Tuesday, June 16, 2015

Flight Attendant Faux Pas

Every time I fly, I hear flight attendants using words in ways that no doubt cause my freshman English teacher Mrs. Prosser to turn over in her grave.

Flight attendants regularly - and apparently unknowingly - use the wrong words during their cabin announcements. As homage to my diminutive, gray-haired grammarian, I intend to help them fix their foibles.

Flight attendant faux pas often begin even before take-off when they announce, “we will have an extremely full flight.” The term “full” is an absolute; either a container has additional capacity or it does not. If every seat will be occupied, the plane is simply “full.” (One might also accept “completely full” for its additional emphasis, but “extremely” is just plain wrong.) While a flight may be “oversold” because the airline sold more tickets than there are seats, I have yet to be on a flight where a passenger occupies one of the overhead luggage bins or where more than one person is stuffed into a seat (though I’ve occasionally felt like it).

Flight attendants often announce that the plane will be taking off or landing “momentarily.” “Momentarily” means “for a moment,” implying that the plane is either going to take off, then land in short order or perhaps that the pilot intends to practice touch-and-go landings. The term for which they’re grasping is “in a moment.”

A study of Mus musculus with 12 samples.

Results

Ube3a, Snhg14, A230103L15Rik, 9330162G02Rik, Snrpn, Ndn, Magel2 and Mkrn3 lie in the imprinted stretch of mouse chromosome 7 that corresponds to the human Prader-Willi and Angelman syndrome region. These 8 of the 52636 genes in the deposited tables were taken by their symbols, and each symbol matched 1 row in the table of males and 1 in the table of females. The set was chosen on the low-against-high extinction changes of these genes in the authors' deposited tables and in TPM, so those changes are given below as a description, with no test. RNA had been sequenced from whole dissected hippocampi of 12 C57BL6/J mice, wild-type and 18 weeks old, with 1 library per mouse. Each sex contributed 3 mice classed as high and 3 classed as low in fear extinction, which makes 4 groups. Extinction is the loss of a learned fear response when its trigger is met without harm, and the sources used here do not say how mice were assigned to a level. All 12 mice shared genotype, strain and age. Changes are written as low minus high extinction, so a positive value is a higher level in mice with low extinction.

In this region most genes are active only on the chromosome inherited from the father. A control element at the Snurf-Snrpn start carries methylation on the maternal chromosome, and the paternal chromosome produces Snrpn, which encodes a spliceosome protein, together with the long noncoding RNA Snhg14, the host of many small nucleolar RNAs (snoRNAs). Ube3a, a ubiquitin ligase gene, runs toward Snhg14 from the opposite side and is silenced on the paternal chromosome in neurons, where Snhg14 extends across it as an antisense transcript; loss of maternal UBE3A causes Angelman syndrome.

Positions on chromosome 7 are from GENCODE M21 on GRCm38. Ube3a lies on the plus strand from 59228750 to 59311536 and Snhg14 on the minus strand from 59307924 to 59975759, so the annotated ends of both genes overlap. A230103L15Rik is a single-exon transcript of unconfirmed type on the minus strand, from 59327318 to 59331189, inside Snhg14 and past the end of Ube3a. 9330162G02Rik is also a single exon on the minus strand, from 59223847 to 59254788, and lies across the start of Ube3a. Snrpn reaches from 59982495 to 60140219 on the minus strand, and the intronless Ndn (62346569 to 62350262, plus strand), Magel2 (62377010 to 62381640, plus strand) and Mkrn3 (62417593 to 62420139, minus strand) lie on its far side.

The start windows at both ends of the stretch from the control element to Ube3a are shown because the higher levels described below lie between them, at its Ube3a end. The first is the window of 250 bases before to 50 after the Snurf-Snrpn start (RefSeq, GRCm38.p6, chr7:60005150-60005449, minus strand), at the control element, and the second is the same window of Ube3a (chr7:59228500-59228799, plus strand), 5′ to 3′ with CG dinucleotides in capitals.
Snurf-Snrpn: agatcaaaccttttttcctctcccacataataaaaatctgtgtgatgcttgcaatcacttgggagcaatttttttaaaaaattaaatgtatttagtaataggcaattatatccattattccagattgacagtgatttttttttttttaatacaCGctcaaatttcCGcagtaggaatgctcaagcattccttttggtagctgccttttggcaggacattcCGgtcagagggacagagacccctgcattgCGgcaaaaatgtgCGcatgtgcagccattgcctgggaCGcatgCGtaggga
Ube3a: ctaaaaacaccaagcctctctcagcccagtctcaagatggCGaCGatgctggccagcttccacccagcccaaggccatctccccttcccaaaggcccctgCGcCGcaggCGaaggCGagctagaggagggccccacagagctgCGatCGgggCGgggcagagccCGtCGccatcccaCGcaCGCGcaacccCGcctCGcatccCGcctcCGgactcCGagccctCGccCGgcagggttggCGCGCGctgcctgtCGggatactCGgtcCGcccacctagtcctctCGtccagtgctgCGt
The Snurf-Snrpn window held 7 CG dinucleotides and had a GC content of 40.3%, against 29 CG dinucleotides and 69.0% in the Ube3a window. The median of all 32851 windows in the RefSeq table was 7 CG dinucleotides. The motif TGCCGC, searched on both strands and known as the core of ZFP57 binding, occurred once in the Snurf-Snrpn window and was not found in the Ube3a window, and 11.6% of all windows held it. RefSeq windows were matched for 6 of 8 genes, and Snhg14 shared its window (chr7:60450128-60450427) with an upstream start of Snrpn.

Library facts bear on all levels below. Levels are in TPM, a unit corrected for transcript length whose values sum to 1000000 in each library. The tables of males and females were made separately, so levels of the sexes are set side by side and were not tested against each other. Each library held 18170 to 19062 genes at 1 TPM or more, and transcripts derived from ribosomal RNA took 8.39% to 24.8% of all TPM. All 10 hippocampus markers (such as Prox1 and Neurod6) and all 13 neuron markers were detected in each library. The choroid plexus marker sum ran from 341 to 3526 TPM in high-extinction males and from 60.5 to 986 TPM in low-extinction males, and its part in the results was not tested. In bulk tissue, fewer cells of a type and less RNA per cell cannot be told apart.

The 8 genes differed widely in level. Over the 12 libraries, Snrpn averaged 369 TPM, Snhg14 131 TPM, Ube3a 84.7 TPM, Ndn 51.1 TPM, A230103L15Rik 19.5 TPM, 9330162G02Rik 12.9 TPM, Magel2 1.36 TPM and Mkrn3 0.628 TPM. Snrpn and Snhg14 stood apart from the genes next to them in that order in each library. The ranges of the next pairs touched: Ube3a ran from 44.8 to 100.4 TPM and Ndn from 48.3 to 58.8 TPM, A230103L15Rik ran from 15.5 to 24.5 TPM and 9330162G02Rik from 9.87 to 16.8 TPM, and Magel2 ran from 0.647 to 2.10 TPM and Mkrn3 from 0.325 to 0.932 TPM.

Flight attendants do offer food and beverage "service," but they are not "servicing" their passengers; they are "serving" them. To "serve" means to do something for someone, while to "service" means to do something to something (or, horrifyingly, someone). Think "having the car serviced."

Toward the end of the flight (not "towards"), I’ve heard them announce that the captain has turned on the seat belt sign and that passengers much remain in their seats “for the duration of the flight.” The word “duration” means “the length of.” At that point, since the majority of the flight has already passed, they mean - and should say - the “remainder” of the flight.

There are exceptions, of course. During one of the few flights I've taken  on Virgin America, our flight attendant used the correct terms instead of "momentarily" and "duration." When I asked him about the choice of words, he told me that the script he was supposed to use had those words but they "didn't seem right to him," so he unilaterally chose to change them. Good for him!

Which leads me to my concluding comment aimed at other F/As: If these terms are in your scripted cabin announcements and those are written by your airline, I respectfully suggest you consult your resident grammar guru and correct this butchery of the English language. If, on the other hand, the language was scripted by some bureaucrat and mandated by the FAA, then you have my understanding as well as my complete sympathy.

Even Mrs. Prosser understood, “You can’t fight city hall.”

Visit my main page at TheTravelPro.us for more news, reviews, and personal observations on the world of upmarket travel.